Invited Speakers

Plenary Session:

Siobhan Staunton`s current activity evolves around the fate and the actions of proteins in soils. The huge range of proteins in soil and the diversity of their interactions with soil organo-mineral surfaces makes this a fascinating topic. The proteins targeted include those with beneficial roles (enzymes), others that are potentially pathogenic (Bt or Cry and prions), and some that are highly controversial (Bt and glomalin). The complexity of protein structure and interactions with soil hinder the progress of proteomics that has seen fast development for other systems.

Claire Chenu is professor of soil science at AgroParisTech, the leading French technical University in the field of biology, agronomy, food and environmental sciences. Her research deals with soil organic carbon: dynamics, stabilization processes and the effect of cropping practices on soil C stocks. She is very involved in the science-policy-practice interface and in awareness raising activities on soils. She has been nominated Special Ambassador of soils in 2015 by the FAO. She is member of several international committees, including being a vice chair of the Scientific and Technical Committee of the 4 per 1000 initiative. She was the EGU soil science medallist in 2019.

Session 1: Soil as a C and N sink – Who is the major player, soil minerals, soil organic matter quality, microbial activity or their interplay?

Deborah Pineiro Dick is a Full Professor at the Federal University of Rio Grande do Sul, Brazil, and a soil chemist with projects focusing on organic matter dynamics in terrestrial environments. Her main research areas are organic matter (OM) reactions and chemical composition in subtropical and tropical soils as affected by soil use and management, reactions of OM and pesticides in Brazilian soils, pyrogenic carbon and biochar reactions in soils and composting, agronomic effects of humic substances. She is a board member of the International Humic Substances Society.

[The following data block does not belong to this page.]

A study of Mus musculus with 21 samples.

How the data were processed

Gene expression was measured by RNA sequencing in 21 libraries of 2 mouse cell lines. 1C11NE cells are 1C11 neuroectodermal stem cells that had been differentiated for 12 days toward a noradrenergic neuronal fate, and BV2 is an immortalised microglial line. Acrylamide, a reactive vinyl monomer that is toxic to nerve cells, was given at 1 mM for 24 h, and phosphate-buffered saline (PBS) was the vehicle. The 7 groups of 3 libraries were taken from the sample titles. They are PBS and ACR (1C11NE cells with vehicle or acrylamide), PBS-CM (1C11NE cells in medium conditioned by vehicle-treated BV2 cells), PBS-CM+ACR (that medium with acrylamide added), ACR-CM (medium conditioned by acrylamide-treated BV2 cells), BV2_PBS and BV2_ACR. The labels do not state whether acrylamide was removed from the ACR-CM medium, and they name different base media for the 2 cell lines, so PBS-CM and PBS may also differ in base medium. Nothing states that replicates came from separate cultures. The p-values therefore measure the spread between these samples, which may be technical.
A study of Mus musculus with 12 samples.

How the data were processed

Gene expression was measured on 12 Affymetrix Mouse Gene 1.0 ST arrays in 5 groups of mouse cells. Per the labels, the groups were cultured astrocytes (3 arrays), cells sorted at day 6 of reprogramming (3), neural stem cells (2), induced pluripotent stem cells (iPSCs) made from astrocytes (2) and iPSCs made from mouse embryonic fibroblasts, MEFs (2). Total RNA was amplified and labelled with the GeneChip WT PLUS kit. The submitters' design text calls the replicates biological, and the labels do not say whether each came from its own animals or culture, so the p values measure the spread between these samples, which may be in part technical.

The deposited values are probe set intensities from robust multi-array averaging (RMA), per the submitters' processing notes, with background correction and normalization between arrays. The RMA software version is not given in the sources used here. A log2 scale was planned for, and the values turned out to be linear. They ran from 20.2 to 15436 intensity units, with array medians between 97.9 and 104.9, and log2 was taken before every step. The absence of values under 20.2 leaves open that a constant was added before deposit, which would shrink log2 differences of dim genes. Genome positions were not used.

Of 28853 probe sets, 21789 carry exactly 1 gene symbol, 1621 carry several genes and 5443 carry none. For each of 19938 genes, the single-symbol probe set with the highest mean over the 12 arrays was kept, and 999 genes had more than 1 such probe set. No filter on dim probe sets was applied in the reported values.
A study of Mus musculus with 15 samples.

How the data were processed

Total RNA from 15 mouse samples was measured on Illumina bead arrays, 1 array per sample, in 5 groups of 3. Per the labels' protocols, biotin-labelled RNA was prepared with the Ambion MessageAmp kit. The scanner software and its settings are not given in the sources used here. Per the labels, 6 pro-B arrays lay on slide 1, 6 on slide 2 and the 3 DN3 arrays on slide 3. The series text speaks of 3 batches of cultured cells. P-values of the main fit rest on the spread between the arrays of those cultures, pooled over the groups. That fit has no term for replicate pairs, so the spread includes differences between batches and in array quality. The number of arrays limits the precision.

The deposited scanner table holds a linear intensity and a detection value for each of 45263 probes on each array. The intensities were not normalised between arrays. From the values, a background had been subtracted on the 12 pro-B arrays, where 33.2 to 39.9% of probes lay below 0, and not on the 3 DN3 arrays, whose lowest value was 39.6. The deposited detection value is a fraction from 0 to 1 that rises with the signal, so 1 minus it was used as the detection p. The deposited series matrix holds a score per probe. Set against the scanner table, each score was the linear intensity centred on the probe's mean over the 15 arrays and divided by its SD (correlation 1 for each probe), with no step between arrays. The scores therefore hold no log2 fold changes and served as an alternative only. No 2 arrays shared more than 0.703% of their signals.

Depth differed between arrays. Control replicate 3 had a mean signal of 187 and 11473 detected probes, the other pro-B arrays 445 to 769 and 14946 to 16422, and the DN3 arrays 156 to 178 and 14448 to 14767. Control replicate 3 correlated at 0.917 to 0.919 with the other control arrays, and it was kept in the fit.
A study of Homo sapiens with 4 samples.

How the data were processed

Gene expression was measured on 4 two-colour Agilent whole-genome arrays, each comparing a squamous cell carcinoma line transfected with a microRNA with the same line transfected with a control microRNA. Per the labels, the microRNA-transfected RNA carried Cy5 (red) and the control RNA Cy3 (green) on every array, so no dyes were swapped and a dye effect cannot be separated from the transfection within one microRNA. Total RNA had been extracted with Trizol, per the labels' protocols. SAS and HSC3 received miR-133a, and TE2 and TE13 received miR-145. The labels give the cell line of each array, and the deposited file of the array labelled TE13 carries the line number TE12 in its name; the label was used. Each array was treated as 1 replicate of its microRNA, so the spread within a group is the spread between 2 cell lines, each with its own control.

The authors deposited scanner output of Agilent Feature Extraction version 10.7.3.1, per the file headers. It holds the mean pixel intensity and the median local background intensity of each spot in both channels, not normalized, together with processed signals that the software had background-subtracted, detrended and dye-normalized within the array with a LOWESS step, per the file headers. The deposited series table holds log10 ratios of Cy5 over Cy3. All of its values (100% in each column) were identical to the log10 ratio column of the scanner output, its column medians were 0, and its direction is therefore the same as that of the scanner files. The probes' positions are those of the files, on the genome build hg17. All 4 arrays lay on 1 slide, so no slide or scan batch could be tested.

Session 3: New physical, chemical and biological analytical approaches – How can they lead us to a better understanding of soil interfaces?

Denis Courtier Murias has extensive experience applying Nuclear Magnetic Resonance methods (13C NMR, 19F NMR, LF-NMR, MRI,…) on environmental sciences. He worked on the developing of the first experiments and applications of comprehensive multiphase (CMP)-NMR spectroscopy in soils and plants. His current projects involve the application and development of NMR and MRI methodology for the understanding of environmental samples (e.g. wood and soils) with a particular focus on soil contamination.

Session 2: Ecological disturbances – How do mismanagement of soils (overgrazing, erosion etc.) or natural disasters (fire, flooding etc.) affect the interplay between soil minerals, SOM and microorganisms?

Ana Z. Miller is an Associate Researcher at the HERCULES Laboratory from the University of Évora (Portugal). She is expert in geomicrobiology of complex environmental systems, including subterranean ecosystems, stone cultural heritage and extreme environments, with emphasis on the interactions of microorganisms with minerals, element biotransformations, biomineralization, biosignatures and material deterioration.

Session 4: Dynamics of pollutants at soil interfaces – What is new and how can environmental biotechnology be beneficial for soil restoration and bioremediation?

Dr. Francisco Cabrera Capitán is a retired Profesor de Investigación (Senior Research Scientist) and a former member of the Soil Plant Research group at the Instituto de Recursos Naturales y Agrobiología de Sevilla (IRNAS-CSIC). His scientific experience is in the field of Soil Chemistry and Environmental Pollution and his main subjects of research are:

  • Agricultural use of organic wastes: effects on soil, water and crops.
  • Dynamics of nutrient and pollutants in soils and sediments.
  • Trace elements contamination of water, soils, sediments and plants.
  • Use organic and inorganic amendments for remediation of trace element contaminated soils.
  • Movement of water and solutes in the non-saturated zone of soil

Session 5: Soil amendments (biochar, composts and digestates) – How do they affect interactions at soil interfaces?

Etelvino Novotny has experience in Soil Chemistry, Chemometrics, Physical Chemistry, focusing on Spectroscopy, acting on the following subjects: soil organic matter, humic substances, humic acids, pyrogenic carbon (black carbon), biochar and spectroscopies techniques such as: Nuclear Magnetic Resonance, Electron Paramagnetic Resonance, Fluorescence and Infrared. Nowadays he is working mainly with new applications of Low Field NMR is Soil Science.»